Looking over my past writings I realized I write a lot about communication. I think it is because it is such an important subject. God has quite a bit to say about our words, and He makes no bones about warning us repeatedly to watch our tongues. We often think our opinions are very important and should be freely expressed. Just read the comment section of most Internet articles and you see the wide range of opinions on any given subject. Most of it is negative.
We need to ask God to help us overcome our reactions so we don’t simply spew out whatever comes to mind when we are emotionally engaged.
What does God say about how we use our words? Acceptable language appears to be one of the most important parts of our Christianity. It's so important that we are warned we will have to give account for our words: “I tell you, on the day of judgment people will give account for every careless word they speak” (Matthew 12:37, English Standard Version throughout). This is very serious! “For by your words you will be justified, and by your words you will be condemned” (Matthew 12:36).
We are to watch our words both when we speak to others and to God. What we say should be uplifting, sound and encouraging: “Let no corrupting talk come out of your mouths, but only such as is good for building up, as fits the occasion, that it may give grace to those who hear” (Ephesians 4:29). “Let the words of my mouth and the meditation of my heart be acceptable in your sight, O LORD, my rock and my redeemer" (Psalms 19:14).
Make your words worthwhile
Although not swearing and using God’s name in vain are important things we must do, there’s more to it than that. When we yell, discourage, malign and hurt others, we dishonor God. “But now you must put them all away: anger, wrath, malice, slander, and obscene talk from your mouth” (Colossians 3:8).
Jesus instructed: “It is not what goes into the mouth that defiles a person, but what comes out of the mouth; this defiles a person” (Matthew 15:11).
We are to speak with patience. Many of us have a hard time doing that, and we especially want to let people know when we're angry. It’s human nature to want to be right or in the know. We may put others down to make ourselves feel better, or it can just be because we dislike someone. We can’t encourage and be a force for good in people's lives when we do that. “A gentle tongue is a tree of life, but perverseness in it breaks the spirit” (Proverbs 15:4).
Minding what we say is so important that our very Christianity is challenged. Look at what it says in James about ignoring it: “If anyone thinks he is religious and does not bridle his tongue but deceives his heart, this person's religion is worthless” (James 1:26). Just two chapters later we are told: “But no human being can tame the tongue. It is a restless evil, full of deadly poison” (James 3:8).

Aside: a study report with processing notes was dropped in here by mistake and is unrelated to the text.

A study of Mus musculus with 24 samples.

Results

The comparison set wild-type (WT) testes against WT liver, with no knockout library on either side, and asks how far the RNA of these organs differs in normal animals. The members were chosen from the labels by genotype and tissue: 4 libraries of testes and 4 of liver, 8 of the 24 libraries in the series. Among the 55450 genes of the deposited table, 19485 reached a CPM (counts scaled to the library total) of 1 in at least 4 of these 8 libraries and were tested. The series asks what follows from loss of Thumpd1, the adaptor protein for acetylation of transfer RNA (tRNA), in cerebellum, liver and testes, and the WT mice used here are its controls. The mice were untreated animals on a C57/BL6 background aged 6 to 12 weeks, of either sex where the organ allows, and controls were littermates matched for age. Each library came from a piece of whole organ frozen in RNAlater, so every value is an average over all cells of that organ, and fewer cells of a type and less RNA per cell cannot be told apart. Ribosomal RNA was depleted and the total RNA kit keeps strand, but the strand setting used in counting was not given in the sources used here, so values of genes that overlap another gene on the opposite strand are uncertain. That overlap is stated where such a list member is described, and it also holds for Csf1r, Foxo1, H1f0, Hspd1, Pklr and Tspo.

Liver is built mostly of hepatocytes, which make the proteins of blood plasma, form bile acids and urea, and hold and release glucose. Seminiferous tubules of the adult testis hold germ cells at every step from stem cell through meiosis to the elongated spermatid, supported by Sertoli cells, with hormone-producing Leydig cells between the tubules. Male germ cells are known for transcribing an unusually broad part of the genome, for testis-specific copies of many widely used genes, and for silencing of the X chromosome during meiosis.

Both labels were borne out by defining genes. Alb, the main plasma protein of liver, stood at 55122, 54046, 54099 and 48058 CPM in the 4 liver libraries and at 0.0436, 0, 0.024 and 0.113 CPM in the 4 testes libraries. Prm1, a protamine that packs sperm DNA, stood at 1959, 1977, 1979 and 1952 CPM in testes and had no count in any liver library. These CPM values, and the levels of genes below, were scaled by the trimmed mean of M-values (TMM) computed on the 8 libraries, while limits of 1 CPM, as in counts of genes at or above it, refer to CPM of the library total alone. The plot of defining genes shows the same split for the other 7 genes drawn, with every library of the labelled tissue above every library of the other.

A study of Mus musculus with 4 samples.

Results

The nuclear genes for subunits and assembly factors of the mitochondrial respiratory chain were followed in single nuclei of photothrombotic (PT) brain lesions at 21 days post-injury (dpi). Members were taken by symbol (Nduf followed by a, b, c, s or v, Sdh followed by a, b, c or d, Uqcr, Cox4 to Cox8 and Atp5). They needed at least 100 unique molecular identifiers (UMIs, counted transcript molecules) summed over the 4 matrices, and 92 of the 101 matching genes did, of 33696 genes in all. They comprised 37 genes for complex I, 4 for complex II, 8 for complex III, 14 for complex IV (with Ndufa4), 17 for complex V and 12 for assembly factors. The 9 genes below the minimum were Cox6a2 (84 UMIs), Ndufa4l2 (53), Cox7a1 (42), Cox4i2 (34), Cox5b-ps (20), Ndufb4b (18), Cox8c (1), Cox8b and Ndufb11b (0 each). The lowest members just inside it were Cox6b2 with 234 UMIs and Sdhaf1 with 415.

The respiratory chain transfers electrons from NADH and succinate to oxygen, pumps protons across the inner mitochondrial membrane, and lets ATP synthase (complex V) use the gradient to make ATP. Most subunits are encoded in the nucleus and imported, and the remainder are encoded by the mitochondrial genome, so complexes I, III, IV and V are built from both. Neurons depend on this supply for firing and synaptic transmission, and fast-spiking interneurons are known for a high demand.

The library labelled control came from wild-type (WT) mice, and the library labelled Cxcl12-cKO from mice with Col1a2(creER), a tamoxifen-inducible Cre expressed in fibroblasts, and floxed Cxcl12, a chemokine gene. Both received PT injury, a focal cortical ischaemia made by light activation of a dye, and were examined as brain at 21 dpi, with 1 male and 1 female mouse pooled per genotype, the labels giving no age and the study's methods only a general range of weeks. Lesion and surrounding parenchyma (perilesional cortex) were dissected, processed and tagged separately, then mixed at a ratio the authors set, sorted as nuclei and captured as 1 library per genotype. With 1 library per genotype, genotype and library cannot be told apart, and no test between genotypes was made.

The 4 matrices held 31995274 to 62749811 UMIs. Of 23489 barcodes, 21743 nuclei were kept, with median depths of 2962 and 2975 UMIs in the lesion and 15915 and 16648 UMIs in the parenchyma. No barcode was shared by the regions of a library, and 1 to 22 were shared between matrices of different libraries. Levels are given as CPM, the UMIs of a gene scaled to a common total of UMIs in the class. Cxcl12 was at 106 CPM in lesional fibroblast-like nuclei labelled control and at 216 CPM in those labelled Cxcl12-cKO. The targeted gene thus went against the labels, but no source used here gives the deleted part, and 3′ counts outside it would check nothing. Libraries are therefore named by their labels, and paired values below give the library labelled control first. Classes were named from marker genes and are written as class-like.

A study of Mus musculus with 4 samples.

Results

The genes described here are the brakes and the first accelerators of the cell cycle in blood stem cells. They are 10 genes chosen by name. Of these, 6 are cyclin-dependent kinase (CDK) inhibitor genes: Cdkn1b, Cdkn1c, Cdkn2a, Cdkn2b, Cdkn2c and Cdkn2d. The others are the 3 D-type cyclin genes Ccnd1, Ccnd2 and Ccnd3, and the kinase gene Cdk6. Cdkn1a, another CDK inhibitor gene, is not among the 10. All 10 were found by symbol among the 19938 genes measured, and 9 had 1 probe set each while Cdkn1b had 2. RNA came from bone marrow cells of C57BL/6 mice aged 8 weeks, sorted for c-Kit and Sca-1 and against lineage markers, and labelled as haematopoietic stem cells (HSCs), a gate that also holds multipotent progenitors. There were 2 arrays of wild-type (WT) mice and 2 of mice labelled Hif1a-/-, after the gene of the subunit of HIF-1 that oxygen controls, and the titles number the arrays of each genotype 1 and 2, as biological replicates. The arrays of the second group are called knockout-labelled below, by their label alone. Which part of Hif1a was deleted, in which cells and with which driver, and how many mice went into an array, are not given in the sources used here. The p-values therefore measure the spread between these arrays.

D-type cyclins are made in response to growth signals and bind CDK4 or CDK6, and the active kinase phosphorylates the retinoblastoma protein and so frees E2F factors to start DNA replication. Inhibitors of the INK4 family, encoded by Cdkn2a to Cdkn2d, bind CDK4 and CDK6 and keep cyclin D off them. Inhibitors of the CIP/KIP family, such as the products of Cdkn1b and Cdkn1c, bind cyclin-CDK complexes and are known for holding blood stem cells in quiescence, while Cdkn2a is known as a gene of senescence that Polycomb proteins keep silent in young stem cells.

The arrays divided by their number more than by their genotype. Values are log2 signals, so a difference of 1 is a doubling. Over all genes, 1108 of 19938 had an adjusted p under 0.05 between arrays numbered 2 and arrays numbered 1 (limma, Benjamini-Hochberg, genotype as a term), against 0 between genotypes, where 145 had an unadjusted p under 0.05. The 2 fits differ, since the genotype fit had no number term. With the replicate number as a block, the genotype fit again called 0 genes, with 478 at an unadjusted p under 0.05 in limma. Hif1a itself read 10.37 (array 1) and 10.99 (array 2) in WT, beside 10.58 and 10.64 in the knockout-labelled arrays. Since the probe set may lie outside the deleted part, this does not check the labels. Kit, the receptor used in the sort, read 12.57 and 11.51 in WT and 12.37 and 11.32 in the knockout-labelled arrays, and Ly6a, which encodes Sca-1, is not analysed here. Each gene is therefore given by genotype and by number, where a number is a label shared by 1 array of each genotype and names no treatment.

Is this a contradiction? It is not. It means that we need to ask God to help us overcome our reactions so we don’t simply spew out whatever comes to mind when we are emotionally engaged. The apostle John tells us we must confess our sins—and that includes the sin of incorrect language (1 John 1:9). The way we speak is a reflection of who we are as God’s people. We are to be representatives of who God is. We can just as easily use words that uplift others and draw people to God. We are to be God’s ambassadors to the world. How we approach others is very important! “For the word of God is living and active, sharper than any two-edged sword, piercing to the division of soul and of spirit, of joints and of marrow, and discerning the thoughts and intentions of the heart” (Hebrews 4:12). “Whoever restrains his words has knowledge, and he who has a cool spirit is a man of understanding” (Proverbs 17:27).
I encourage you to do a quick Internet search on “biblical verses on words.” You may be surprised how many scriptures there are on the subject. It’s an important topic to God, and it should be to us as well.
It is very interesting how profane language, or the lack of it, affects others. I spent many years working in offices. Others often used profane language, but if they noticed I was nearby, they apologized. I never told anyone not to swear, nor did I make a point of the fact that I did not. The fact that I didn’t swear was obvious to them, and they respected that about me. My point is that if merely not doing something reflects positively on others, how much more effective are our Christian words and actions when we actively strive to do good in what we do and what we say?